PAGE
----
Airlines have begun to question the level of restrictions to UK flights.
David Henderson, of the Association of European Airlines, told the BBC the lockdown on flights was an overreaction.
He said: "We believe that flying should be taking place."
Across Europe some 14,000 flights are expected to take off on Tuesday - about half the normal number - and planes are being permitted to fly over the UK at altitudes above 20,000 ft.
But Transport Secretary Lord Adonis said the safety of air passengers remained the "paramount concern".
The minister, who said he had maintained a constant dialogue with European and UK regulators regarding flights, added: "All decisions being taken by the aviation regulators are intended solely to protect the travelling public, and I will not compromise passenger safety."
Meanwhile, British Airways has said 12 long-haul flights were currently en route to Heathrow, from Beijing, Singapore and the US west coast.
A spokeswoman said the airline had contingency plans for each flight if Heathrow was still closed but would not say which airports it would use instead.
It had been hoped that the intensity of volcanic eruptions was reducing, but the emergence of a new ash cloud has meant plans to reopen British airspace have been revised.
Jonathan Astill of Nats said the new ash cloud was a "significant change" to the situation on Monday.
He told BBC News: "The Met Office is reporting a further ash cloud that is coming down from Iceland and then covering the UK progressively during the day."
In a statement, Nats said: "The situation regarding the volcanic eruption in Iceland remains dynamic and the latest information from the Met Office shows that the situation will continue to be variable."
Schedules are constantly changing and passengers have been advised not to travel to airports until they have checked with their airline or tour operator.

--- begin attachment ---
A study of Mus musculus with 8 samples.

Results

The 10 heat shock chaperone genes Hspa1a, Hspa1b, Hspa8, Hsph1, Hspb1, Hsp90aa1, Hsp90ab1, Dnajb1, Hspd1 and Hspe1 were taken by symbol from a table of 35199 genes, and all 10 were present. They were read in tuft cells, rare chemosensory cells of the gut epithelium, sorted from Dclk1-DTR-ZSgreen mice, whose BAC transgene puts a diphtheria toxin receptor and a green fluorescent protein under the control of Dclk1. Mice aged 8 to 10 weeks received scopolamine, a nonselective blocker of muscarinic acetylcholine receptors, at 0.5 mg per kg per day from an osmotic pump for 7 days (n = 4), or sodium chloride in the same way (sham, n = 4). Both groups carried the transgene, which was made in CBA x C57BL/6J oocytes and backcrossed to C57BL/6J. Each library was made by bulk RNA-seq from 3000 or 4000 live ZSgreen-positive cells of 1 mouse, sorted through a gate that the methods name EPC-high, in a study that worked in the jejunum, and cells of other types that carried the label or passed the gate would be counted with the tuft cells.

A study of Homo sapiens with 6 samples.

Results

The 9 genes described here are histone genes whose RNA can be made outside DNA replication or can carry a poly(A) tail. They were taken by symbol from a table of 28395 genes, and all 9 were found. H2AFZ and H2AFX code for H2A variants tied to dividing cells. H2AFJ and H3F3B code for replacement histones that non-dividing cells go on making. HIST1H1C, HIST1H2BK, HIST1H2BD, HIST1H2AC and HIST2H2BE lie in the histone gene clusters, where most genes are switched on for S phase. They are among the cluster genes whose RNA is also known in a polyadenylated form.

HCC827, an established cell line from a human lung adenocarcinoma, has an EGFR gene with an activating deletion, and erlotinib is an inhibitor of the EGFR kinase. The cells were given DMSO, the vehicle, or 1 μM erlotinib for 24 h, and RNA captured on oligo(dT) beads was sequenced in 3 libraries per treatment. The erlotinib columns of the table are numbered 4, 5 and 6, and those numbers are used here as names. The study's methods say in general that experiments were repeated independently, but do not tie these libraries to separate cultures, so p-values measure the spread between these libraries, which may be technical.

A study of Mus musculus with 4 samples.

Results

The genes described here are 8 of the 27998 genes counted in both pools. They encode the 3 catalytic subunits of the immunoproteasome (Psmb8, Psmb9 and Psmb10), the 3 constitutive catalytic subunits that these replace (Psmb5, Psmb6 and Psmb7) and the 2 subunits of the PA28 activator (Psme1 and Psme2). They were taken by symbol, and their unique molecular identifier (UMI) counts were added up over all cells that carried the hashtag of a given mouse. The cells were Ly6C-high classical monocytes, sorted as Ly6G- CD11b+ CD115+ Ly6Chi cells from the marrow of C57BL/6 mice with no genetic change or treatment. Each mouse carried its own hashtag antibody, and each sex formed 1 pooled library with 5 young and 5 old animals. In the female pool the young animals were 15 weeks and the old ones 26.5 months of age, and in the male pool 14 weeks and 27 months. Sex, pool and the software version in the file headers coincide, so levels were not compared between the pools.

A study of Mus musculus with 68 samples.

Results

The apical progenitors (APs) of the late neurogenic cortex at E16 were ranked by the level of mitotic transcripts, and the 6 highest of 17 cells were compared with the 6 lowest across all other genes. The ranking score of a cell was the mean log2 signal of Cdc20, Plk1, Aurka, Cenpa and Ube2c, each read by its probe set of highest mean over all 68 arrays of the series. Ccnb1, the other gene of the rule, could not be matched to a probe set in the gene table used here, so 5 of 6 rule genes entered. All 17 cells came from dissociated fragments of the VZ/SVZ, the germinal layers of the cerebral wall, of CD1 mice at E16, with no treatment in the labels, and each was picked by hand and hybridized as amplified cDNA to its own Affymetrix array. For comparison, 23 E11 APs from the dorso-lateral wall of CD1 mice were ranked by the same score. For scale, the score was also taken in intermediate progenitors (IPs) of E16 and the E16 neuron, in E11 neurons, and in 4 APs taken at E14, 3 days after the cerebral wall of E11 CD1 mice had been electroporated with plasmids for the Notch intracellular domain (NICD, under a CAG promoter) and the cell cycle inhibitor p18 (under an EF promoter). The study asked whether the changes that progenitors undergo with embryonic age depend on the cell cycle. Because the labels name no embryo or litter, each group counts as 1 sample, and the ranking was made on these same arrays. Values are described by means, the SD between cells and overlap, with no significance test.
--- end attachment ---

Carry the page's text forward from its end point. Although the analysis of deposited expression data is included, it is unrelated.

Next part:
The first international flight from Glasgow was due to head for Reykjavik in Iceland at midday.
TUESDAY'S AIRLINE DISRUPTION
- no short-haul services on Tuesday, but 12 long-haul flights
- flights to/from northern Europe, including UK, cancelled until 0100 BST on Wednesday.
- flights cancelled to/from the UK, Ireland, and much of northern Europe until 1300 BST on Wed 21
- flights scheduled between Aberdeen, Belfast City, Edinburgh, Glasgow, Inverness and Newcastle from 1005 BST
- plans to resume UK domestic flights from Heathrow at 1900BST and from regional UK airports from 1300 BST
- Certain internal and European flights operating, some cancellations on Tuesday and Wednesday
*All passengers are advised to check with their airline before heading to the airport
Nats said the latest Met Office information meant the part of Scottish airspace that had been open for much of Tuesday, including Aberdeen, Inverness and Edinburgh airports, would continue to be available to 0100 BST on Wednesday, and also south to Newcastle Airport.
Teesside airport will also be available between 1900 and 0100. Glasgow airport, which had been open on Tuesday morning but ran no flights after 1300 BST, will re-open for the same period.
No airports south of Newcastle, however, will be allowed to run flights before 0100.
The spread of volcanic ash has affected large swathes of Europe for the past five days.
There has been huge disruption for air travellers, many of whom have embarked on long and costly journeys over land and sea to get home.
Pilots' association Jim McAuslan: "Final decision rests with the pilot"
A small number of flights have taken off in northern Europe with planes departing from Paris, Amsterdam and Frankfurt - although many flights have been cancelled.
He said the government is maintaining increased capacity for passengers to cross the channel.
There are an extra 20,000 passenger places a day across Eurostar, Eurotunnel and the ferries, according to the minister.